Parallel Rainbows
Drawing by Marek Raczkowski

Parallel Rainbows

On Colour (and Its Limits)
Szymon Drobniak
time 9 minutes

Birds ruffle their feathers flickering with ultraviolet, lizards stick to stones glowing with infrared. The colour world of animals goes far beyond the spectrum available to humans.

The universe basks in photons. It is like a plump, shiny cherry dipped in sweet liqueur – it drips in radiation, shooting motes of light all around. The wildest light: cosmic objects in space, monsters moulded from superheavy matter, spreading every possible flavour of ray in all directions. I am lying underneath this cosmos, on a hard road that car wheels have forgotten about. The nearby Białowieża Forest breathes the night, the dome of warm July air presses me to the ground. I am taking the universe in with my eyes, two hungrily dilated tiny holes pierced in the irises.

It is hard not to feel a sense of wonder about it. Even despite the fact that my eyes only let tiny portions of photons into their photosensitive interiors – not enough to see the glowing nebulae tails and the deadly pale vortexes of ancient galaxies. It is funny we should call this way of looking ‘seeing with the naked eye’. That’s right, my eye is stark naked in its jelly-like plumpness, soft and defenceless under the cosmos’s umbrella, and around it my entire sensual map revolves. I am revelling in this seeing, I drink up the photon cocktail – despite it being a pale echo of what the world really shines with.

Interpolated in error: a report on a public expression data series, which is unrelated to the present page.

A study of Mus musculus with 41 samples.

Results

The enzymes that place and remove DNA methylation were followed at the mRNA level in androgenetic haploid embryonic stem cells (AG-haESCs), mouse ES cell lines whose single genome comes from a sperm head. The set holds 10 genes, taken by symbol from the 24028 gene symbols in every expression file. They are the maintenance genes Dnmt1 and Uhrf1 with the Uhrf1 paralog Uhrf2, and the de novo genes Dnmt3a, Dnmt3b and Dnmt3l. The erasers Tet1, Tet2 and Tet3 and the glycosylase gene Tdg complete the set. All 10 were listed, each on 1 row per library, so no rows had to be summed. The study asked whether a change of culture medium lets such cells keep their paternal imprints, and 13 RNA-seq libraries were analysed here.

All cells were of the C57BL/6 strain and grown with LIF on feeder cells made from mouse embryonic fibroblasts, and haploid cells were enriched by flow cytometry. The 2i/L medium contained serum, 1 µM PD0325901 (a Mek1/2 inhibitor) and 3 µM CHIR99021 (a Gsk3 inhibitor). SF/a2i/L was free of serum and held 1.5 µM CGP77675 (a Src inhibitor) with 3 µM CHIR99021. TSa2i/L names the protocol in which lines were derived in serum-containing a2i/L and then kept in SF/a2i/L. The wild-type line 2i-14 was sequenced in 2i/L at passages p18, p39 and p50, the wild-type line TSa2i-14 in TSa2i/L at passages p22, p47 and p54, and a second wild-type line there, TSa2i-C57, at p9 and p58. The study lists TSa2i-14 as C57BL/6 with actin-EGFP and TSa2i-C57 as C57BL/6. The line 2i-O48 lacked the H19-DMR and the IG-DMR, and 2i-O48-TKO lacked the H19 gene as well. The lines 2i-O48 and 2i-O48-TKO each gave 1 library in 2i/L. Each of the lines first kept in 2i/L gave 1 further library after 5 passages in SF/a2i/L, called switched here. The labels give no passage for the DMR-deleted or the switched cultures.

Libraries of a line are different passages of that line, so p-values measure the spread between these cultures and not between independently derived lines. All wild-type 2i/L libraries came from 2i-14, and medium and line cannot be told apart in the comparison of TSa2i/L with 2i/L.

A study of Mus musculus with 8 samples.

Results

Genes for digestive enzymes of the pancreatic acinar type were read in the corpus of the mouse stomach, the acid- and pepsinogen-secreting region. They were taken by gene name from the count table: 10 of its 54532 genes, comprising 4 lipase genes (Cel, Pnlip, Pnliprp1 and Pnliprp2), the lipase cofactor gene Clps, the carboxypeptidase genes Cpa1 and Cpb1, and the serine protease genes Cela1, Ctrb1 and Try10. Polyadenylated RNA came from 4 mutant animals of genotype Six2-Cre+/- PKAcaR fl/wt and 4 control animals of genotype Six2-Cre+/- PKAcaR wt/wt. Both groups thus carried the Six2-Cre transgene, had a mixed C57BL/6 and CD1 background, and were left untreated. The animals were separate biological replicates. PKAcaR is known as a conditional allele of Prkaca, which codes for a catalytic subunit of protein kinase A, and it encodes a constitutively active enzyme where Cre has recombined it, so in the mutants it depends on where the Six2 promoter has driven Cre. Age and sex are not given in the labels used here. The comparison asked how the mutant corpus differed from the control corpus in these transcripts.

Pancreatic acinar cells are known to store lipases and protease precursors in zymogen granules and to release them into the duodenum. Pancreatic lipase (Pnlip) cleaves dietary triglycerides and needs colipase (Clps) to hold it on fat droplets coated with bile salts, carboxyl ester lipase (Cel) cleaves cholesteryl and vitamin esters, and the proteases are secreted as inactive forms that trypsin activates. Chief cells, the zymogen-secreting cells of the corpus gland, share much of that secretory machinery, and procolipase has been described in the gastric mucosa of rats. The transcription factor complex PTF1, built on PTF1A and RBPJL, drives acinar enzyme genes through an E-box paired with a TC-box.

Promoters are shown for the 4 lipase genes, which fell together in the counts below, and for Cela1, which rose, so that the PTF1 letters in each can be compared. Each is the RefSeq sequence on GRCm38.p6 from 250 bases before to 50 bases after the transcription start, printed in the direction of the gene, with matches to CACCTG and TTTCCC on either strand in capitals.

You see – even though it can do a lot, the human eye only cuts a very fine s


Photo by Immo Wegmann/Unsplash

On Silver Film

In Praise of Analogue Photography
Szymon Drobniak

Science, magic and technology, or in praise of analogue photography.

It seems ironic that the way we think about photography has become so dispassionate – after all, it was once considered a way of locking people’s souls into motionless pictures. We trust the science behind each photograph so much – or perhaps so much time has passed since the first-ever face was captured through a lens – that we think less of clicking the shutter release than we do of pressing the dishwasher power button. And perhaps we do feel more awe when confronted with the wet turmoil inside the dishwasher’s innards than when witnessing what those photons, injected inside the camera, do on its digital matrix.